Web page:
The Apprentice Silversmith’s Other Duties

When I started my apprenticeship as a Silversmith, (having just completed a one year pre-apprenticeship course at the Central School of Arts and Crafts) I was fascinated with the new life I found myself in. Being in the company of ‘men’ as opposed to ‘boys’. The ‘men’ of all ages who formed the workshop silversmith team used to enjoy teaching not only the practical skills of the job, but also telling stories of life and the ‘good old days’ when the parents of the ‘boy’ as the apprentice was called had to pay the master for the apprenticeship.

This was still common practice until at least the early 1900’s. Recently I had the good fortune to be introduced to an old gentleman who had been a machine gunner in the First World War (he also had some fascinating tales to tell) His father had bought him an apprenticeship at Vauxhall Motors as an apprentice coach builder. Vauhall Motors were then still at their factory in Vauxhall, London.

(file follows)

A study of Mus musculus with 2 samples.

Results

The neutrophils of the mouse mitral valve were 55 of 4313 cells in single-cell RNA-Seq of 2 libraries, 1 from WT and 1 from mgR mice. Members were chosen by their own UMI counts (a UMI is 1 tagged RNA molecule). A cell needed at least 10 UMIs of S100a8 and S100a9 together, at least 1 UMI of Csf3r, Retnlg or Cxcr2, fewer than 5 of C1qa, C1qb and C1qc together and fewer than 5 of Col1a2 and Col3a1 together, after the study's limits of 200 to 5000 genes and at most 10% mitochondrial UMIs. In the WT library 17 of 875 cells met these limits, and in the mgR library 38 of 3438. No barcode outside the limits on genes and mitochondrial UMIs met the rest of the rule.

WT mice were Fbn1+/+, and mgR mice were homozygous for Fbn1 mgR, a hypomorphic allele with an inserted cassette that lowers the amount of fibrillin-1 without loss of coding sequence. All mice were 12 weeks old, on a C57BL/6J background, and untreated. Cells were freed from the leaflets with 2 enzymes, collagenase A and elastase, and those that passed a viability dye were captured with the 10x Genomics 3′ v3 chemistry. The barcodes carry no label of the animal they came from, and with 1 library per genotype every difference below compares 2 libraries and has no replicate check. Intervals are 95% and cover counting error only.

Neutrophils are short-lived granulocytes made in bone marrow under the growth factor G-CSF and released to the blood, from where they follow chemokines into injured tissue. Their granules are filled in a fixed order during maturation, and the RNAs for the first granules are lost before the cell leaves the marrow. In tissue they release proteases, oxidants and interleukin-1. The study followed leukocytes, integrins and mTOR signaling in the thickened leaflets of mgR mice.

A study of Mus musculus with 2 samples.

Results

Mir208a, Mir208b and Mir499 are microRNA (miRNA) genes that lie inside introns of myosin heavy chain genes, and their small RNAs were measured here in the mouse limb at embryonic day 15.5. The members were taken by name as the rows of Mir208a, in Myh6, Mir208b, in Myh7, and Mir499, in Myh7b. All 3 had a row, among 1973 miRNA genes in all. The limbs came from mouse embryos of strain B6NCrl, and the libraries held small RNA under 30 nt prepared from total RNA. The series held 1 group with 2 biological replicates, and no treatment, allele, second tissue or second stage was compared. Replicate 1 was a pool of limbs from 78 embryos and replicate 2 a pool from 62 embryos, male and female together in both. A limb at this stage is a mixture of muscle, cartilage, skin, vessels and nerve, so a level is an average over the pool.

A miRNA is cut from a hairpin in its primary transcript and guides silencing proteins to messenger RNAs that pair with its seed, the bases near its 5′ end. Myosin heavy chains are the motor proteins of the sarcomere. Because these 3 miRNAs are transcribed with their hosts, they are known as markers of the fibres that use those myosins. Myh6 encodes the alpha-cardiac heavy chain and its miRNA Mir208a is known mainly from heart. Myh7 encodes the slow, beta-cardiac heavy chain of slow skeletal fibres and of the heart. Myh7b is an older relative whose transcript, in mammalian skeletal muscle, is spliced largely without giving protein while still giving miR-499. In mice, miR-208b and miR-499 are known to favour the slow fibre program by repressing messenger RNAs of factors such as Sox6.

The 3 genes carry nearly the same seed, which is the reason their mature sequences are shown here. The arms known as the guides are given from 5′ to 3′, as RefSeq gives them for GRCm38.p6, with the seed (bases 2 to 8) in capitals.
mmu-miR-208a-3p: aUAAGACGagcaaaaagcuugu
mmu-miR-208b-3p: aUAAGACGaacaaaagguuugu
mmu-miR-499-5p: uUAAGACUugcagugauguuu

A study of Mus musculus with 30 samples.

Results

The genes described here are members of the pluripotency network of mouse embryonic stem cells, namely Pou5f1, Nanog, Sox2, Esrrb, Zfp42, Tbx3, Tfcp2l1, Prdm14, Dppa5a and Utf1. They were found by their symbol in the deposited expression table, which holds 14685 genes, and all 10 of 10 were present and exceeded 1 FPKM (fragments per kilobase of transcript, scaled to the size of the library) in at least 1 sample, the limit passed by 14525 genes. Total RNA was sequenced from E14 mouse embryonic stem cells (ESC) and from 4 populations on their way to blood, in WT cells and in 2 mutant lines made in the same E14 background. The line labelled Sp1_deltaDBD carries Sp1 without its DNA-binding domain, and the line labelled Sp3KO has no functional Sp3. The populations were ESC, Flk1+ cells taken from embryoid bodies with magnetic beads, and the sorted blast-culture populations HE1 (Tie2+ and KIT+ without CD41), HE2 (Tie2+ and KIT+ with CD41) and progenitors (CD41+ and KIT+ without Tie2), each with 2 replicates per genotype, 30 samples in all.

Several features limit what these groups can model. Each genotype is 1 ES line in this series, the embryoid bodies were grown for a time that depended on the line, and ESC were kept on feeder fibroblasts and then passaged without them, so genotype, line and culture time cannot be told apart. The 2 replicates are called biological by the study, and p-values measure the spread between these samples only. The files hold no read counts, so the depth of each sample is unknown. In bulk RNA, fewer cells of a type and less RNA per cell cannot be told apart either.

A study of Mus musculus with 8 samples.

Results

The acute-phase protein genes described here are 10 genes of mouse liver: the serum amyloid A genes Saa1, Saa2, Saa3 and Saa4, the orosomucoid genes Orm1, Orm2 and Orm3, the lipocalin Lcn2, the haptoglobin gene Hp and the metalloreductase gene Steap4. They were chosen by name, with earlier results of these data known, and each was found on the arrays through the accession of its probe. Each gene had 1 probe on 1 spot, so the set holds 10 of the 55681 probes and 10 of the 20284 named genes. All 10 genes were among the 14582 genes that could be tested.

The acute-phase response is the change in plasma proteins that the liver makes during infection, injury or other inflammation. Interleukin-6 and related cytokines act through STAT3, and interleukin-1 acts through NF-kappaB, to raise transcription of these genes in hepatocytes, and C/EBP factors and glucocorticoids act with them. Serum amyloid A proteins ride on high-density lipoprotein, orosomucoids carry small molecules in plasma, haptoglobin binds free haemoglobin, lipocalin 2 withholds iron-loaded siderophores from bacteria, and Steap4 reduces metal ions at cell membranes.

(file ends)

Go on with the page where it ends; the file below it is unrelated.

This practice of paying the master for teaching the trade had died out completely until now when there seems to be the early signs of a revival of the practice.

During the time of my apprenticeship it was common practice to run errands for the men and make the tea etc. I was told (true or not) that in the old days the boy would sleep under the bench and also run errands. One of which was getting the pint beer mug (which hung from a large hook under the man’s bench) filled up at the pub next door. One of the errands I found most embarrassing was having to go to buy condoms from a discount stall in Leather Lane, which sold them cheaply. Another errand was to go to the betting shop to put bets on for the plater who assured me he could beat the bookmaker.

Boys would often be sent out on fools errands such as a jar of ‘elbow grease’ and can I have a ‘long weight/wait’. Much to the amusement of the men who couldn’t wait for the boy to return to have a good old chuckle as it reminded them of their early days in the trade.

What an introduction to the life of adults for a young and naive John Campbell!